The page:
In fact, this week the company hit another milestone: an IPO. Ancestry.com issued 7.4 million shares at $13.50 each. The expected price range was $12.50 to $14.50.
Founded in 1983, Ancestry.com started as a traditional business, but in the early days, it made the right moves to transition to the Internet. Now, the site has more than one million subscribers.
At the core of Ancestry.com is its extensive database, which has billions of historical records. To help deal with this, the website also has a sophisticated search engine as well as an ability for users to upload and categorize their own content. For example, there are more than 12 million user-generated family trees with 1.25 billion profiles and 26 million photos.
As for the financials, Ancestry.com continues to eke out growth. Revenues were up 13% to $107.8 million for the first half of this year. Earnings came to $8.2 million.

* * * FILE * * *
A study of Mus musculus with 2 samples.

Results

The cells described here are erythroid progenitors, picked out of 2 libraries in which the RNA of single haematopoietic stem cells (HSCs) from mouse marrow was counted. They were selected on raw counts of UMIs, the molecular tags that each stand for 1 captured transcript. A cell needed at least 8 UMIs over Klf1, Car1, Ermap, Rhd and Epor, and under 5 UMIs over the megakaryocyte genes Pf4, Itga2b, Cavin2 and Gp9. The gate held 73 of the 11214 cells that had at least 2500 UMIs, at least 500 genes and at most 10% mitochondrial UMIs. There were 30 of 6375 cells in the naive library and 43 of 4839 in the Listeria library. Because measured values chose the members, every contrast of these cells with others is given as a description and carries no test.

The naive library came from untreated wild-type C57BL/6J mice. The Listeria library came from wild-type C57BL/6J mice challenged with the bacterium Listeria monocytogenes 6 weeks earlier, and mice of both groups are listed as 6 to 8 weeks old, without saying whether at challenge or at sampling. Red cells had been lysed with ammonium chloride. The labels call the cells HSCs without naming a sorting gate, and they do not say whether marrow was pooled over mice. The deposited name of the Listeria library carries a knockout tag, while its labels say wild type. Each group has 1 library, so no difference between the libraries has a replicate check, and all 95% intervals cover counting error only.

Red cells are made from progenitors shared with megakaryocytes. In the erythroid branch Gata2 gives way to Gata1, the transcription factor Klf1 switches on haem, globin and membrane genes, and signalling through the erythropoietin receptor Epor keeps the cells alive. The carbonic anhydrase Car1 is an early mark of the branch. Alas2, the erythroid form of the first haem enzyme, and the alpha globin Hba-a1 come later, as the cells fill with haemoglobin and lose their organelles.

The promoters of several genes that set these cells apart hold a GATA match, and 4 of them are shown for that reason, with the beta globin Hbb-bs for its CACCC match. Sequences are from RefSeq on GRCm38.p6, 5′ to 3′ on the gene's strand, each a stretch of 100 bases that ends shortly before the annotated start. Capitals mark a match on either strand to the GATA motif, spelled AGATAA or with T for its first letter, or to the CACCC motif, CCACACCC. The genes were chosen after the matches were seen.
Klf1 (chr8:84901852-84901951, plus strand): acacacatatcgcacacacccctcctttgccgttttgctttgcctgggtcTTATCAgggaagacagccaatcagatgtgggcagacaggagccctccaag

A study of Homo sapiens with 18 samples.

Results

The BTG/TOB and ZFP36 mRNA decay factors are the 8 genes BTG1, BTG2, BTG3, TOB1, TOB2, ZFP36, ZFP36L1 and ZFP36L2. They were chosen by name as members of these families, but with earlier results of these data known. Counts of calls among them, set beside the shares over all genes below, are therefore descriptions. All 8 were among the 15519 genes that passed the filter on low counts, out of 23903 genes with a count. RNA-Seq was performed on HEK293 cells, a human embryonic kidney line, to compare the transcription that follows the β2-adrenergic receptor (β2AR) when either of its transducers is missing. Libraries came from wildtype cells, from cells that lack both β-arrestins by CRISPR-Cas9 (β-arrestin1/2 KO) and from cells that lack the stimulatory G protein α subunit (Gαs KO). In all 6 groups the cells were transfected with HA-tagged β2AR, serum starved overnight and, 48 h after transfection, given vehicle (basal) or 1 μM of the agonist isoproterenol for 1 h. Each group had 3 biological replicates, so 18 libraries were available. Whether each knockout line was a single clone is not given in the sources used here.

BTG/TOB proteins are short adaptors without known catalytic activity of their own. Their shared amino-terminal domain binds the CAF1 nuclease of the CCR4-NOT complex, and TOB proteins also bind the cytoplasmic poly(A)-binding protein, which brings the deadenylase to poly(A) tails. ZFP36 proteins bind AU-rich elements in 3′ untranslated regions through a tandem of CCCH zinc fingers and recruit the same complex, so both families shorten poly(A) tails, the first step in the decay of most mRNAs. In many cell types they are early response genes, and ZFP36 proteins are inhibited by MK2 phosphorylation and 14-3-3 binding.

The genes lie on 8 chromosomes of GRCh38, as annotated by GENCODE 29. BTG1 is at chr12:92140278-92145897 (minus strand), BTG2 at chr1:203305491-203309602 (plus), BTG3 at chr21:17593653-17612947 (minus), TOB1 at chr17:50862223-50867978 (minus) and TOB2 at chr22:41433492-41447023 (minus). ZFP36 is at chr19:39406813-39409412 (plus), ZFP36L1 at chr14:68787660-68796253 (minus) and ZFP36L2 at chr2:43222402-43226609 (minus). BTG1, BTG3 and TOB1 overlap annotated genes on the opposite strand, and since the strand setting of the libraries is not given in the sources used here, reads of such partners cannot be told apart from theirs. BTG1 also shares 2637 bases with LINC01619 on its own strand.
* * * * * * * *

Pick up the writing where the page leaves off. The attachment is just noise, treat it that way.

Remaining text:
But how much growth can Ancestry.com pump out? Keep in mind that the bulk of the website's business comes from the U.S., which could be at a saturation point (the churn rate is also at 4%). So, to find growth, it's likely that Ancestry.com will need to get aggressive with foreign expansion, which is certainly costly.
At the same time, Ancestry.com is likely to face more intensive competitive threats, such as from Facebook (which is rapidly collecting information on people's lives across the world) and perhaps Google (NASDAQ: GOOG).
The lead underwriters on the IPO included Morgan Stanley (NYSE: MS) and Bank of America (NYSE: BAC).
Tom Taulli is the author of various books, including The Complete M&A Handbook.